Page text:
Ecology Camp gets kids outdoors

Published 10:04 pm Saturday, June 27, 2009

At a remote King’s Fork home, there was much activity on Friday.

Children scurried back and forth in the home’s driveway, carrying potting soil, grabbing fertilizer and filling miniature watering cans. Normally, this might be a brood of children helping their mother with the gardening, but this was a little different.

The children were participants in a week-long Ecology Camp, sponsored by the Nansemond River Garden Club and staffed by volunteers from the club.



The camp was held last week at the lakeside home of a garden club member. From 9 a.m. to 3 p.m. each day, about a dozen children took field trips to oyster beds, fished in Lake Meade, potted plants, learned from local beekeepers and more.

“We talked about the relationship between living things and factors that affect them,” Blythe said.

On Friday, the children were busy making potted bee gardens. Each child chose two flowering plants, filled his pot with potting soil, planted the flowers, and added small parsley plants to fill in the pot. The children finished by putting in fertilizer and water, adding bent branches for handles and tying fabric butterflies to the handles.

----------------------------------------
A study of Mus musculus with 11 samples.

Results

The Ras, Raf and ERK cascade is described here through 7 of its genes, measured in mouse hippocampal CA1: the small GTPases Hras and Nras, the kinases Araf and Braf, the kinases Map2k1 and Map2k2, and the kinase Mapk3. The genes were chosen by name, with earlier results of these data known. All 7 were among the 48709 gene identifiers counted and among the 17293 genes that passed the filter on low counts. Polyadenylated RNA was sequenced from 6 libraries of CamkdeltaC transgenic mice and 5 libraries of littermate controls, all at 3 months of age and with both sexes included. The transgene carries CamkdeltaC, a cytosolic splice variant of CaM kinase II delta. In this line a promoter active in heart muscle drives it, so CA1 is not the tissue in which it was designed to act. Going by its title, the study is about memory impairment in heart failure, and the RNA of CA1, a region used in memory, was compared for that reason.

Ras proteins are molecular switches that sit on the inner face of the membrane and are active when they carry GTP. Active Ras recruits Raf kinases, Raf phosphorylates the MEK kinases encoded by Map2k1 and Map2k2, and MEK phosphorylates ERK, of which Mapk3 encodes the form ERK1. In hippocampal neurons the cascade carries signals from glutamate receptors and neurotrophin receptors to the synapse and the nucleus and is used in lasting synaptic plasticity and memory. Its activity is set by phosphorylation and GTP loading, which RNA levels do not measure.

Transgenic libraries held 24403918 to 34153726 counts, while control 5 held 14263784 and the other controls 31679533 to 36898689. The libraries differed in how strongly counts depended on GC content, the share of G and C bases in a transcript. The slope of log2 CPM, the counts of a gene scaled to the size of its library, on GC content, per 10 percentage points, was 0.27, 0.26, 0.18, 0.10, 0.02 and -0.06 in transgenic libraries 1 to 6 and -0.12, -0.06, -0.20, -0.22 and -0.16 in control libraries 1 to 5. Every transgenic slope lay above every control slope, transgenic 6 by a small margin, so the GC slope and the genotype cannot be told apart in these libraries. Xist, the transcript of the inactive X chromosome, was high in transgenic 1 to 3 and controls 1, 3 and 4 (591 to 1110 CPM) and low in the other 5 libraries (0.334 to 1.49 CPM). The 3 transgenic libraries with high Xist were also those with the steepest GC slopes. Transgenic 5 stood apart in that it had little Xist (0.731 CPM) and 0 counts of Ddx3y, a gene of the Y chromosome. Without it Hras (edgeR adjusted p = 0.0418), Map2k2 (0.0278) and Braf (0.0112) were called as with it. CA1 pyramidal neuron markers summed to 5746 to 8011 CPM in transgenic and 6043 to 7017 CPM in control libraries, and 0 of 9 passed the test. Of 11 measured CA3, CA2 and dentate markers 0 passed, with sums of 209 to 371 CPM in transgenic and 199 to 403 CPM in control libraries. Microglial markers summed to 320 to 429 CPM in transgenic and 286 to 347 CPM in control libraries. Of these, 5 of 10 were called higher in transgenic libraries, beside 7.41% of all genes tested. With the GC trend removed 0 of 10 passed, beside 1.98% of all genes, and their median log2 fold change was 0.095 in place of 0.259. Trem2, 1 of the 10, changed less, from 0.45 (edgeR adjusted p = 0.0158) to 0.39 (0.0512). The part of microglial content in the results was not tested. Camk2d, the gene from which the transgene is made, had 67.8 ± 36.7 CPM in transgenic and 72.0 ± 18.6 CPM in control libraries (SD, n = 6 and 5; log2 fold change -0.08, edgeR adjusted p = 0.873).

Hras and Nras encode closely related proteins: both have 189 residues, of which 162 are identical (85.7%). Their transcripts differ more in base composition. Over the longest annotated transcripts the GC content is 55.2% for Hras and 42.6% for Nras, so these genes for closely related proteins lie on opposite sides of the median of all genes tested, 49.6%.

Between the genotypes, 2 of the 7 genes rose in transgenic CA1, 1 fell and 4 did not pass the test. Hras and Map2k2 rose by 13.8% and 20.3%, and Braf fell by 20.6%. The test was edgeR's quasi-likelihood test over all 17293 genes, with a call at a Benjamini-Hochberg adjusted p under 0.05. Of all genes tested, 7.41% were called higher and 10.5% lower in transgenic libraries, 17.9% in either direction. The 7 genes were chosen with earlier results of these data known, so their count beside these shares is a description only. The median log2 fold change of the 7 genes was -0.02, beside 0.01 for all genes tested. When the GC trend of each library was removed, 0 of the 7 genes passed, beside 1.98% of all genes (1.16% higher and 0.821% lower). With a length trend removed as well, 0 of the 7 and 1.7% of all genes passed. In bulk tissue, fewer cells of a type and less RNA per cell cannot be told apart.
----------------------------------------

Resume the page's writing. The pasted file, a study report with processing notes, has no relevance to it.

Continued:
“I liked going to the park and the oyster reef,” said Eli Dowd, 9. The park he referred to is the 4-H Challenge Course in Wakefield, where the children completed an obstacle course together to learn another important aspect of life — teamwork.

To learn about renewable energy, the children visited the Southeastern Public Service Authority’s waste-to-energy facility, where trash is burned and converted to electric energy. This trip helped the children understand human impact on earth and how it can be minimized, Blythe said.

Also during the week, the children got to go for a hike, swim in the pool at the home, and give a presentation to their parents and grandparents at a cookout at the end of the camp.

“We want them to gain an appreciation of the world around us,” Blythe said.

As the children got covered in dirt on Friday and then dug for worms to fish with, it appeared the camp was successful.